Martin Scorsese examines insanity. Woody Harrelson portrays delusion. And Hollywood’s twisted view of Indians gets documentary scrutiny. Also note the brief appearance by the Olympics in this week’s movie offerings. 

SHUTTER ISLAND: The latest from Martin Scorsese starts by perfectly re-creating the mood of a cop thriller or film noir from almost 60 years ago. Except for one thing. Back then, they could tell a story like this in a crisp 90 minutes. Scorsese takes close to 2 ½ hours and it feels even longer. There’s a confusion of story elements that don’t seem to fit together. A big revelation eventually explains them all, but you might be a bit worn out by then. Leonardo DiCaprio plays a U.S. Marshall who comes to an island mental hospital (accompanied by some wildly portentous music) to investigate a disappearance. He requested the assignment hoping to find the man who killed his wife. The hospital brings memories flashing back of helping to liberate Dachau concentration camp in World War II. The medical staff (led by Ben Kingsley and Max Von Sydow) appear to be suspicious. Mind control experiments may be going on. These and many more elements swirl around in an atmospheric, well-crafted, well-acted, but bewildering stew. Patricia Clarkson has a short, strong scene in which she almost explains the mystery. Mark Ruffalo also plays a Marshall while Jackie Earle Haley and (in the first of two films this week) Canadian actor Elias Koteas bring on chills as two creepy patients. Dennis Lehane (Mystic River) wrote the novel.  (5th Ave, Oakridge and 13 other area theatres). 3 ½ out of 5

DEFENDOR: It's hard to imagine that anyone could be as delusional as this character. Still this film is moderately entertaining, even very funny at times. Woody Harrelson plays a home-made superhero with a duct-tape D on his chest, a mask drawn with greasepaint and a dashboard figurine called "Defendog" in his truck. He appears on the streets to fight crime, often in alleys where he gets beaten up or arrested. "Trouble has a way of following me," he says.

 

His ultimate quest is to find "Captain Industry" the super villain he conjured up as a young boy by misinterpreting an anti-business rant from his grandfather. The trouble is, now as an adult, he still believes its all real. Qualms about mixing humor and insanity? The stars sell the material.  Harrelson makes the eerily dim-witted hero oddly appealing. Kat Dennings plays a young hooker he befriends, Sandra Oh a therapist who interviews him and (in his second film this week) Elias Koteas is again creepy as a corrupt cop. Comic book cliches get a clever but also obvious workover here. It's a Canadian film made in Hamilton, Ontario, not that you can tell that from the partially whitened-out license plates. (Tinseltown)  2 1/2 out of 5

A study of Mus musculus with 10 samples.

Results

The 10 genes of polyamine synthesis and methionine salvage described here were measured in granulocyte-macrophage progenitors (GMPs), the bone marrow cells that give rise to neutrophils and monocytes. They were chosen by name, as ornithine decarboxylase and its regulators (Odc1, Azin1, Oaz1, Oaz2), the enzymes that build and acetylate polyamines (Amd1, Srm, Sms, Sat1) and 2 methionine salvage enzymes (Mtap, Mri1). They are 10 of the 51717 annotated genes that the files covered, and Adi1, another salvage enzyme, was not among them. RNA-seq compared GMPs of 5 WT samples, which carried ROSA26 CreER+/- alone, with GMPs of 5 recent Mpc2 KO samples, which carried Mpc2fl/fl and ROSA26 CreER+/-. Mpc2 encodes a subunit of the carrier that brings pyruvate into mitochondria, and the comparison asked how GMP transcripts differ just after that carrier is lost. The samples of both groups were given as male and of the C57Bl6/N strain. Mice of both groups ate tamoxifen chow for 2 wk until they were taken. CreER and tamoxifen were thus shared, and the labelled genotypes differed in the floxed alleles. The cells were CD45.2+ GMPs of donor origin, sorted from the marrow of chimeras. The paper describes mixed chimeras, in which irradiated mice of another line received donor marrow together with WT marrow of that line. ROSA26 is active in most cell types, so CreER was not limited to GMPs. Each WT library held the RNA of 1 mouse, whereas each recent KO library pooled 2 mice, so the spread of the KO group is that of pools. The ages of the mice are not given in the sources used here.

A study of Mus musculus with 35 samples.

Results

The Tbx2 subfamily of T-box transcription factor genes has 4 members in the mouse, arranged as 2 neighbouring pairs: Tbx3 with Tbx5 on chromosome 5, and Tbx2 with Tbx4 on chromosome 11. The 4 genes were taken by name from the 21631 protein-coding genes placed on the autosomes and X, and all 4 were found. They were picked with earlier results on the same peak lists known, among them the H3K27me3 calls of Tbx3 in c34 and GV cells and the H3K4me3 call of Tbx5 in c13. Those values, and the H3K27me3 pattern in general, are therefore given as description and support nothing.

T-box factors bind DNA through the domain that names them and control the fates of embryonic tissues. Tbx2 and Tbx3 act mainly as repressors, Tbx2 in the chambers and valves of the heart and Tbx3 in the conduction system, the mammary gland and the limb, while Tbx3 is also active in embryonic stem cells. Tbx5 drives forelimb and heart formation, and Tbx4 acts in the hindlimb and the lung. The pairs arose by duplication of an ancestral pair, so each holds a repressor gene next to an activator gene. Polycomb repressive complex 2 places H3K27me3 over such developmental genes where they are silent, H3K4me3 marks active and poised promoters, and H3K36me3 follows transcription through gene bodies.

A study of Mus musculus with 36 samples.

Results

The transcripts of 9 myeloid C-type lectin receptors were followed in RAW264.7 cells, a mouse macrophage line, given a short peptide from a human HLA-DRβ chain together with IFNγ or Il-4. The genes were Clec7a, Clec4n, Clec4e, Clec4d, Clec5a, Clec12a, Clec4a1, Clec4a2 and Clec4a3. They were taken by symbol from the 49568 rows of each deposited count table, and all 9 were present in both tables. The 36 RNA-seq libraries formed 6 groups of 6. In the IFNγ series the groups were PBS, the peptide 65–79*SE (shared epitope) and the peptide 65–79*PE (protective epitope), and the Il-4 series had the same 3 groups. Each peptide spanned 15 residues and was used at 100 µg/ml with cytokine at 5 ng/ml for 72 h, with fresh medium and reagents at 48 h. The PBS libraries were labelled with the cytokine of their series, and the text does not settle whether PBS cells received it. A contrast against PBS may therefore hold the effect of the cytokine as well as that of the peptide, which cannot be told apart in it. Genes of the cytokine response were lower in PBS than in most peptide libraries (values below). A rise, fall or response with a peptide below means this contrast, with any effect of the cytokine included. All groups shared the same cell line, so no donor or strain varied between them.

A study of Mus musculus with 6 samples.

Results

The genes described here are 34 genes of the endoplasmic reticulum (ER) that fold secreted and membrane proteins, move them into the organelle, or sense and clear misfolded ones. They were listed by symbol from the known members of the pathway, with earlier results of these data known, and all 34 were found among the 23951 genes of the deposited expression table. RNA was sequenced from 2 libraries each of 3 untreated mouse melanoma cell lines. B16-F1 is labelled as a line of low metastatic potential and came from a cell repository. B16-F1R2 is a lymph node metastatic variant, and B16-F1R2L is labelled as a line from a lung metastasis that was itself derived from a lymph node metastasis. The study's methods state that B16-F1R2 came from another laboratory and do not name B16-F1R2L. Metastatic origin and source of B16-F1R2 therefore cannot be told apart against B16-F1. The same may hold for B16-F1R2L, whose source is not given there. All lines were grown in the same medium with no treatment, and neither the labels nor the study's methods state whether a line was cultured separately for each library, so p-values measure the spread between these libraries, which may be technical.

REEL INJUN: I would have thought the people who made this film could have had more fun with their subject. Made jokes and mocked mercilessly. After all, Hollywood has spent many years dispensing a completely unrealistic image of North American Indians. Surprise then that this is a serious and calmly argued documentary about aboriginals in popular film. A wide variety of speakers offer their thoughts including filmmakers Clint Eastwood, Jim Jarmusch and Chris Eyre. More pointed comments come from activists Russell Means and John Trudell seen both now and in archive footage from Wounded Knee and other protest scenes.

 

Sacheen  Littlefeather explains how and why she appeared at the Academy Awards Ceremony to announce that Marlon Brando had declined his Oscar. Like Brando, this film blasts the wild savage image perpetrated by hundreds of films. It directs a little too much wrath on John Ford and John Wayne. A clip from The Searchers is a bit deceptive. The scene was intended to criticize not endorse a character’s anti-Indian obsession. I suspect a lot more damage was done by all those b-movie cavalry pictures that far more people saw. They should have had a bigger role in the film. Still it’s a fascinating essay with eventual nods to some good films about aboriginals, topped by Atanarjuat, the Fast Runner.(Tinseltown)  3 out of 5

TWO FILMS ABOUT THE OLYMPICS: You’re probably busy watching the athletes compete. If you have time and want some strongly argued background, consider these.

FIVE RING CIRCUS: THE UNTOLD STORY OF THE VANCOUVER 2010 GAMES: Conrad Schmidt is a local activist, filmmaker and bicycle-rights agitator. He made this documentary to show the dark side of the games, the costs in both money and environmental abuse. Chris Shaw, Betty Krawczyk,  Derek Corrigan, and Jenny Kwan are just a few of the people interviewed.

 

Presented tonight (Feb 19) at the First United Church at 15385 Semiahmoo Avenue, White Rock. More info at: http://www.whiterocksocialjusticefilmfestival.ca/. If you can’t get there, the Vancouver Public Library has copies.

SALUTE: This Australian documentary looks back at one of the most famous political protests at the games. At the 1968 summer Olympics in Mexico City two American medalists, Tommie Smith (gold in the 200 metres) and John Carlos (bronze) caused an uproar by giving the black power salute from the podium. In between them was silver medalist Peter Norman, from Australia. He supported and actually abetted their protest because he objected to his own country’s white Australia policy. He was reprimanded, ostracized and denied a spot on the 1972 Olympics team. His nephew made to film to tell his story. Thursday, February 25 at the 5th Avenue Cinema, presented by the DOXA Documentary Film Festival.